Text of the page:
Hera

January 22nd, 2008 by sabrina

Hera is the Greek Goddess of marriage and childbirth, and queen of the Olympian Gods. Daughter of Rhea and Kronos, she is sister and wife to Zeus, king of the Gods, and mother of Ares, Eris, Eileithyia, Hephaistos, and Hebe. As with the Roman Goddess Juno, who was identified with the Greek Hera, she is usually depicted as a jealous wife, taking revenge on her husband’s lovers and children. As Goddess of childbirth, she often tried to prevent Zeus’s children from being born—she had her daughter Eileithyia (also a Goddess of childbirth) sit with crossed legs while attending Alkmene, Herakles’ mother, preventing her from giving birth. When Herakles was delivered, Hera sent two snakes into his cradle to kill him. Herakles, powerful even as a baby, strangled the two snakes.

Another myth involving Hera and Herakles (whose name means “glory of Hera”) explains the Milky Way. Zeus had tricked Hera into nursing Herakles as a baby. When Hera found out who the child was, she pulled him away from her breast. Her milk spurted across the sky, forming the Milky Way.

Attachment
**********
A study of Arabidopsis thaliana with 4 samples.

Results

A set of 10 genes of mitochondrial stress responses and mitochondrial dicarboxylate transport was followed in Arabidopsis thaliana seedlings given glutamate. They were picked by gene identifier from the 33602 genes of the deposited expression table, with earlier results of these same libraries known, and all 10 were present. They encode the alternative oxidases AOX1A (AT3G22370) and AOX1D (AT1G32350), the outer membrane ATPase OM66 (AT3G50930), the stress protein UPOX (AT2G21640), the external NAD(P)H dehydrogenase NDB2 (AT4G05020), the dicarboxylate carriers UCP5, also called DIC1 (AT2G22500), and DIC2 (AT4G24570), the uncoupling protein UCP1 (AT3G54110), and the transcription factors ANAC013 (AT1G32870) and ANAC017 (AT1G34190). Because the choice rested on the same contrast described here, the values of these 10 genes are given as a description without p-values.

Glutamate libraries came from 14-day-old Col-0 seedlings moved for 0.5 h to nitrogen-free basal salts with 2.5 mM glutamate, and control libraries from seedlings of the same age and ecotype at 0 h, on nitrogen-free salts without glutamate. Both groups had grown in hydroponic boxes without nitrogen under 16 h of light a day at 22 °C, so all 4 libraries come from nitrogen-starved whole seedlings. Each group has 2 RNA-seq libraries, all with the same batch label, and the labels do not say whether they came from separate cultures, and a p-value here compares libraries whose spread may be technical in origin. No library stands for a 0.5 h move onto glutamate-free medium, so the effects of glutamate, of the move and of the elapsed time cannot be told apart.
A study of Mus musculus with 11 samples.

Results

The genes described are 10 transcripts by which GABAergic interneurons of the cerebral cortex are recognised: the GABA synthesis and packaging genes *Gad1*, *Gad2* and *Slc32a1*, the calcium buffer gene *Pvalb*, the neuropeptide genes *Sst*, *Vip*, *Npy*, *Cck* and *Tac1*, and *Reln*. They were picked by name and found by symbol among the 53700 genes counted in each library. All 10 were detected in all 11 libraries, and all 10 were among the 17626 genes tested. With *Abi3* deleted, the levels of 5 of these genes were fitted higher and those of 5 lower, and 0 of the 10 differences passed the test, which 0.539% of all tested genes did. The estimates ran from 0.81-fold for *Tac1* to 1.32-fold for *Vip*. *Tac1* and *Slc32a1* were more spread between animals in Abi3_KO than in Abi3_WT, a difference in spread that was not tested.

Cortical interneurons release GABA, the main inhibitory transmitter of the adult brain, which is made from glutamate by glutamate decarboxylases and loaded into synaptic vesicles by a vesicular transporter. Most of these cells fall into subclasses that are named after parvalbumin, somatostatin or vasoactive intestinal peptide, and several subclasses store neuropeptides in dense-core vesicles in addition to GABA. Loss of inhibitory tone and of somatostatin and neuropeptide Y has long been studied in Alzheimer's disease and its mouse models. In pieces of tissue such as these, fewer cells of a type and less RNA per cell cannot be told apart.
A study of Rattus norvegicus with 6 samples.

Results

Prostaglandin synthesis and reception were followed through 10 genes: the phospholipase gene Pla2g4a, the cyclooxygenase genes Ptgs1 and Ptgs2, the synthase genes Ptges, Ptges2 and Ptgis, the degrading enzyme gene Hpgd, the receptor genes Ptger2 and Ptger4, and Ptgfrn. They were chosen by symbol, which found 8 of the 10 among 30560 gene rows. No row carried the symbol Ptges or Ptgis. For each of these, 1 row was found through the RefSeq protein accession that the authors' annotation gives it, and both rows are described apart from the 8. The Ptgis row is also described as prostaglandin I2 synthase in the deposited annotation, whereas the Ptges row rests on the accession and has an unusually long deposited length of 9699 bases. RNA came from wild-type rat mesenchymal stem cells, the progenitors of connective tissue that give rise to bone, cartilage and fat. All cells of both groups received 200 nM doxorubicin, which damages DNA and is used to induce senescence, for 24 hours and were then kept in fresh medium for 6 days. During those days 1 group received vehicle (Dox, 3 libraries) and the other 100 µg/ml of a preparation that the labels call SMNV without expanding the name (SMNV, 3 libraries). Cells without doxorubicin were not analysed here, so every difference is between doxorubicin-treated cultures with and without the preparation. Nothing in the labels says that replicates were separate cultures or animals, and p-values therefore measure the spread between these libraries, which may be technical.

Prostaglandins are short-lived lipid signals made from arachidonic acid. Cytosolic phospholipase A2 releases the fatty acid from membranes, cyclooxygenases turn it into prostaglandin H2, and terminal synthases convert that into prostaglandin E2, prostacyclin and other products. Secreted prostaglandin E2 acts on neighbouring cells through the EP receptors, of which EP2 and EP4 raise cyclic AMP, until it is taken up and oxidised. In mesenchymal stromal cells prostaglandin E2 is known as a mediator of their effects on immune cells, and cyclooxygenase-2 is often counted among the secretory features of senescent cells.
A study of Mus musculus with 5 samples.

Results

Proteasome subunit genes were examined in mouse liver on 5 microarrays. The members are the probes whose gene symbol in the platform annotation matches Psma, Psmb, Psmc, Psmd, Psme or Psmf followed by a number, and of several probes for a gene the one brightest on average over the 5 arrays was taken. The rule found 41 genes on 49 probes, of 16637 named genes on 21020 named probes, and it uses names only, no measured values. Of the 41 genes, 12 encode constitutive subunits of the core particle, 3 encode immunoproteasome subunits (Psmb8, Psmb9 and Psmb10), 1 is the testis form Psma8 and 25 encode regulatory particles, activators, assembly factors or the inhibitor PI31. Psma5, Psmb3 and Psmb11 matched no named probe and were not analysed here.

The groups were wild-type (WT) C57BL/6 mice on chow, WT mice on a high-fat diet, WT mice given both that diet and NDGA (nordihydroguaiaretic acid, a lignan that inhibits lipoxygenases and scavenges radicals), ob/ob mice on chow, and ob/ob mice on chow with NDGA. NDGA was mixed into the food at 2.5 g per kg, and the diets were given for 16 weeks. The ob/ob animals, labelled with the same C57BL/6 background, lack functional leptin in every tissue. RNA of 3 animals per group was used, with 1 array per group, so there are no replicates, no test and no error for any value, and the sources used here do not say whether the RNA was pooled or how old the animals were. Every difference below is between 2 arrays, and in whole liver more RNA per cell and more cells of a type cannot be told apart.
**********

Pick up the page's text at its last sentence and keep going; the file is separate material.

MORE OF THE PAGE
Hera had many epithets and titles, including:
Queen of Heaven
Queen of the Immortals
Hera Aegophagus
(goat-eater)
Hera Akraia (of the height)
Hera Alexandros (defender of men)
Hera Ammo’nia
Hera Antheia
(flowery)
Hera Aphrodite (of Aphrodite)
Hera Argeia (of Argos)
Hera Argoia (of the ship Argo)
Hera Ataurote (unbulled, i.e., virgin)
Hera Basileia (queen)
Hera Boopis (cow-eyed)
Hera Bounaia (from a temple set up by Bounos)
Hera Gamelia (of marriage)
Hera Heniokhe (charioteer)
Hera Hippia (of the horses)
Hera Hyperkheiria (she whose hand is above)
Hera Imbrasia (from the river Imbrasus)
Hera Khera (widow)
Hera Krusothronos (golden-throned)
Hera Kypra (of Cupra)
Hera Lakinia (of Lakinios)
Hera Nympheuomene (betrothed bride)
Hera Olympia (of Olympia)
Hera Pais (girl)
Hera Parthenia (maiden)
Hera Pelasgis
Hera Pharygaea
(of Pharygaia)
Hera Prodromia (of the pioneer)
Hera Samia (of Samos)
Hera Sikelia (of Sicily)
Hera Telkhinia
Hera Teleia
(full-grown)
Hera Zygia (yoked, i.e., married)

This entry was posted on Tuesday, January 22nd, 2008 at 10:59 pm and is filed under Greek. You can follow any responses to this entry through the RSS 2.0 feed. Both comments and pings are currently closed.